How to bet on NCAAF games
Whether you’re looking for college football point spreads, totals, moneylines, quarter and halftime lines, props, or conference championship and College Football Playoff futures, Hard Rock Digital is the place to be for online college football betting.
Even if you’re just learning how to bet on college football, you’re probably familiar with the point spread. This is the most common way to bet on football. Instead of betting on one of the two teams in a game to win straight-up, the favorite (the team considered most likely to win) is given a handicap of a certain number of points. This is known as the spread, and you bet on one of the two teams to cover the spread rather than win outright. As an example, let’s go back in time to the famous 2006 Rose Bowl between the No. 1 USC Trojans and the No. 2 Texas Longhorns, who were both undefeated heading into this National Championship Game. The Trojans, with Pete Carroll as head coach and Matt Leinart at quarterback, were favored by seven points; for USC to cover the spread, they would need to beat Texas by more than seven. As the underdogs, the Longhorns could lose by up to six points and still cover the spread. A 7-point Trojans victory would result in a push, with all monies returned to the bettors.
Here’s how the game in question would have looked on the college football betting board:
Texas +7 (–110)
USC –7 (–110).
The Trojans were the designated home team for the 2006 Rose Bowl in Pasadena, California, so they were listed at the bottom. The “–7” next to their name means that USC was a 7-point favorite, while the “+7” means that the Longhorns were 7-point underdogs. Next to those numbers, you’ll see “(–110)” to the right. These odds, also known as the juice, refer to what bettors pay when they place their wagers. In this case, as it usually is, the odds were –110 for either team, meaning you’d bet $110 to win $100, or $11 to win $10, or any multiple thereof. Once the dust had cleared on this exciting game, it was the Longhorns winning 41-38 on a fourth-down, last-minute touchdown run by QB Vince Young from eight yards out. But Texas already had this game covered from a betting standpoint. Even if the Trojans had stopped Young from scoring, barring a miraculous TD return of their own, USC would have won 38-33 – not quite enough to cover the 7-point spread.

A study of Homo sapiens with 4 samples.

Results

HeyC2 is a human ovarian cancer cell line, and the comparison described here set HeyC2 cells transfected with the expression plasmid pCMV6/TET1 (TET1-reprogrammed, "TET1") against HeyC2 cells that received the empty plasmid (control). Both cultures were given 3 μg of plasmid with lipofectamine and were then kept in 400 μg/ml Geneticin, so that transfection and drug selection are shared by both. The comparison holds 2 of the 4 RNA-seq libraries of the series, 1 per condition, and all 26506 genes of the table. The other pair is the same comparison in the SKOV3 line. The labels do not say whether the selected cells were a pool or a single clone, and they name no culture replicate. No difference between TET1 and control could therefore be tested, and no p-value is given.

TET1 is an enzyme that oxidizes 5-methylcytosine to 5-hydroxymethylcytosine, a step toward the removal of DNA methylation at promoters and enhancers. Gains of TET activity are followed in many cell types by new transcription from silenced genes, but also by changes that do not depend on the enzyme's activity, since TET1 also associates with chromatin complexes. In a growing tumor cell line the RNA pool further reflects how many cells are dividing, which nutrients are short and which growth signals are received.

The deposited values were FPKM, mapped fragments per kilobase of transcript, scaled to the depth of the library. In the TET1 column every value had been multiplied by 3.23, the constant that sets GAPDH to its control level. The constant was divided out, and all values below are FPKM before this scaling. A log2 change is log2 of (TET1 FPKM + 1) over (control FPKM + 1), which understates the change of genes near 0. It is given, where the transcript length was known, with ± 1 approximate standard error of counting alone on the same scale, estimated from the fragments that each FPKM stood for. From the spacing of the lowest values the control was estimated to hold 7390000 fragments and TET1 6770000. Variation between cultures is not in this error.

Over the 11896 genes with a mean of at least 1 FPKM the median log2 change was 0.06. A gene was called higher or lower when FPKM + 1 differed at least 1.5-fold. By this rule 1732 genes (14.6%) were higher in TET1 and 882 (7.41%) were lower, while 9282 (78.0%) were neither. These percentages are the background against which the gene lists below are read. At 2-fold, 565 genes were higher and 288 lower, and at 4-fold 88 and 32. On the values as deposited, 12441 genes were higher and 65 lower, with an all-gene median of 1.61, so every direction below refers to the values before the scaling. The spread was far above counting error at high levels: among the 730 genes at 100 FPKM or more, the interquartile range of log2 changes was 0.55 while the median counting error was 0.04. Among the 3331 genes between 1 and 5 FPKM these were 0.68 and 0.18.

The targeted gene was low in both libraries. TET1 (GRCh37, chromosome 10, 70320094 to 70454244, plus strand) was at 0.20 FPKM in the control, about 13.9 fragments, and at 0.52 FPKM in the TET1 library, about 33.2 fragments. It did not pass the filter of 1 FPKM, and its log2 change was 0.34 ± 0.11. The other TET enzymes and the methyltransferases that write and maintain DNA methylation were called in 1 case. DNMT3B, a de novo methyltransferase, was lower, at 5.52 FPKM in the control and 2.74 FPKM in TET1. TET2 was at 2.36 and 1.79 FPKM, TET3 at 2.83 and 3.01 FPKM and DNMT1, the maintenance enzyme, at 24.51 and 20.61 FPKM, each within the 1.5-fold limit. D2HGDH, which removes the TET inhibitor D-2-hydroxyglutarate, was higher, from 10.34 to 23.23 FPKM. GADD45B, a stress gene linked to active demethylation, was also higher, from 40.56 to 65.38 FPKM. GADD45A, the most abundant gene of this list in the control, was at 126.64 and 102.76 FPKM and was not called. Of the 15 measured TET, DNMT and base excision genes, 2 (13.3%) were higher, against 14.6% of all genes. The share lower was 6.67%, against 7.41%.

Proposition bets, or prop bets for short, have been around since ancient times. When it comes to NCAA football betting, props ask you to wager on just about anything other than the actual outcome of a game. You can bet on game, team and player props, which cover relatively common things like how many touchdown passes a quarterback will throw. You can also bet on season props like who will win the Heisman Trophy, or special props like what color of “sports drink” will get dumped over the winning coach at the National Championship Game. Note that some props can be added to your parlay cards, as can the next bet type on our list.
The moneyline is the original way to bet on football, and it remains in use to this day. This is where you bet on one team or the other to win straight-up; in the very rare event of a tie, your wager is graded as a push.
Here’s what the moneyline for the 2006 Rose Bowl would have looked like:
Again, USC were the favored team, with the negative sign next to their odds. In order to win $100, you would have bet $360 on the Trojans. On the flip side, a $100 bet on the underdog Longhorns (with the positive sign next to their odds) would have paid back $280 in profit if they won outright – which they did.
With a parlay, you take a series of single bets (between two and 12), and you combine them into one wager. If all your picks come true, you get paid exponentially more than you would have betting them all individually. But if any one pick goes sour, you lose the parlay. Any pushes are discarded as the parlay gets reduced; for example, a 3-team parlay with a push in the results is turned into a 2-team parlay, and graded as such. When we use the word team in reference to a parlay, it doesn’t have to be a team that you’re betting on. It can be a total, as well, and you can sometimes even parlay some props and futures. You can even combine the spread and total from a single game, or the moneyline and the total – but not the spread and the moneyline. Pro tip: Try parlaying the favorite and the Over from the same game, or the underdog and the Under. Favorites tend to cover more often in higher-scoring games, and high totals are a pretty good indicator that there’s going to be plenty of offense on display.
Instead of betting on an event that’s just about to happen, you can bet on something that won’t be resolved until later – like who wins the National Championship. That’s what NCAAF futures betting is all about. Once the title has been awarded, or even slightly beforehand, the futures odds for the next season will be posted; not every FBS team will have title odds attached, but most of them will. You can place these bets year-round, and you’ll be paid when the season ends and the results are determined, so this is a long-term investment if you do it early in the year. Futures odds for conference titles and division titles are also available.